What stress does to the body
Good stress vs. Bad stress
Stress isn't always a bad thing! Stress is simply the body's response to changes and can be positive or negative.
Good stress helps you focus on an objective and can be invigorating. It includes things like having a new baby, retirement, or learning a new skill.
Bad stress, on the other hand, makes you feel progressively worse both physically and mentally. It includes situations that seem to have no escape, like relationship problems, death of someone close, or legal troubles.
An ancient response to modern problems
We live in modern civilizations, we still have the brains of our ancient ancestors. Thousands of years ago, fighting stress was existential: hunter-gatherers had to worry about basic survival related to predators and finding food, and a misstep could mean the end of life.
Even though losing a job or relationship isn't a threat to our survival, our body still reacts as if it were. The response to stress is called the "fight-or-flight response" (based on when stress was literally a choice to fight or flee from a bear, for example).
Your body is flooded with hormones such as adrenaline and cortisol, which sharpen the senses and prepare you for emergency action. This can be incredibly helpful when you actually need to flee danger, act quickly, or perform well (like when giving a presentation), but the problem is that your body has the same response to all stressors (like ongoing legal troubles).
When the stress is ongoing and the response is as well, it becomes chronic stress, which wreaks havoc on your body.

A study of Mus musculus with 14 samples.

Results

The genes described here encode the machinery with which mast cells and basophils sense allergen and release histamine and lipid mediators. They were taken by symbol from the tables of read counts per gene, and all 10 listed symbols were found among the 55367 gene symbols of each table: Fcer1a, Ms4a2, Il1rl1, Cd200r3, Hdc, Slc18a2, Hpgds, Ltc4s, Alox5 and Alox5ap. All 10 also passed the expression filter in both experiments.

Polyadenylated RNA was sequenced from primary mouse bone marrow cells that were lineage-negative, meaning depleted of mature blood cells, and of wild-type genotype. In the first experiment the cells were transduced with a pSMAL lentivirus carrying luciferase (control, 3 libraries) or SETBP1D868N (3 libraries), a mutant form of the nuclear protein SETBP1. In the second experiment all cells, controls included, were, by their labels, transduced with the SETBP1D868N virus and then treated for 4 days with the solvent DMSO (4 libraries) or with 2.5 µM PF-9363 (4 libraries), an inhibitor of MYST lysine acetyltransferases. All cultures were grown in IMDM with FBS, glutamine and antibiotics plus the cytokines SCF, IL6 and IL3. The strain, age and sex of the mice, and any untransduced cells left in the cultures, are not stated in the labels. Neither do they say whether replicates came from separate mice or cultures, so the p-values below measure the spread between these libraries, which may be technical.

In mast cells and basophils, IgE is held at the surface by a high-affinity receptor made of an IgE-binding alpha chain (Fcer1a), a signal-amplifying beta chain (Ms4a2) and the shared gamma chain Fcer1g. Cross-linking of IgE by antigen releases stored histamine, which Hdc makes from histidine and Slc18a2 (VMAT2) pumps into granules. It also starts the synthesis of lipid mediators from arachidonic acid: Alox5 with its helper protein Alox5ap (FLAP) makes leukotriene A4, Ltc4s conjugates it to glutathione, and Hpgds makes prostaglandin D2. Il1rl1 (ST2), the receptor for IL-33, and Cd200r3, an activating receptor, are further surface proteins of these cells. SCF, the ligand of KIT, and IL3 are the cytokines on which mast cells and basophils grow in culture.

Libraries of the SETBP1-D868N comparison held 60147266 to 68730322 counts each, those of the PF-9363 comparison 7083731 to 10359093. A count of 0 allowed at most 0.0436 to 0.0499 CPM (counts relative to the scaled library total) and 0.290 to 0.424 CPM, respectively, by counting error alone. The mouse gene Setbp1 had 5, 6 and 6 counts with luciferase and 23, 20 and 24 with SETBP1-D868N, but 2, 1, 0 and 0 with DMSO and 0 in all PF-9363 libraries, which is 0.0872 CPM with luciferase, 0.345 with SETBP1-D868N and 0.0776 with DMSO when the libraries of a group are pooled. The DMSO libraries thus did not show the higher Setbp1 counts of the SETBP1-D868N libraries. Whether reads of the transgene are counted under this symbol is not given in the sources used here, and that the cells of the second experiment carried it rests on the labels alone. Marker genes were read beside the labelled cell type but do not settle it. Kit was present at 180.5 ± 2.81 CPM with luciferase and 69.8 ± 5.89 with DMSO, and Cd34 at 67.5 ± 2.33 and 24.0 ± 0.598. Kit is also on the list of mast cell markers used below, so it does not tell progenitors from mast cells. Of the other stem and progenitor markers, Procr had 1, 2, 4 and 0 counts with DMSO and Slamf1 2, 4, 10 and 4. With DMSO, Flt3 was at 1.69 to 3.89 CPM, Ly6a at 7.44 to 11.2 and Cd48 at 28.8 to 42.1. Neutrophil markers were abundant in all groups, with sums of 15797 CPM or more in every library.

What chronic stress does to the body
Nearly every system in the body is impacted by chronic stress:
You're more susceptible to contagious illness because of the negative impact of stress hormones on your immune system.
It makes you vulnerable to heart problems, including strokes and heart attacks.
Your digestive/gut health will be negatively impacted.
Stress impacts your reproductive system and can make you gain weight.
It impacts your mental health by rewiring the brain and making you more prone to anxiety and depression as well as memory problems.
You're more likely to experience chronic sleep disturbances.
The Holmes and Rahe Stress Scale
The stress scale from Holmes and Rahe lists 43 life events that can contribute to illness with "life change units". Using this scale you can assess your risk of life breakdown (for example, a score fo 300 would mean a 80% chance of health breakdown within 2 years).(1)
The top 10 most life-changing events are:
1. Death of a spouse
3. Marriage separation
5. Death of a close family member
6. Injury or illness
8. Job loss
9. Marriage reconciliation
As you may have noticed, some of the most stressful life events are actually positive changes.
The good news is that while you can't necessarily change your circumstances, you can change how you handle them. Check out this article for 11 ways to handle stress.
(1) Marksberry, Kellie. "Holmes- Rahe Stress Inventory". The American Institute of Stress.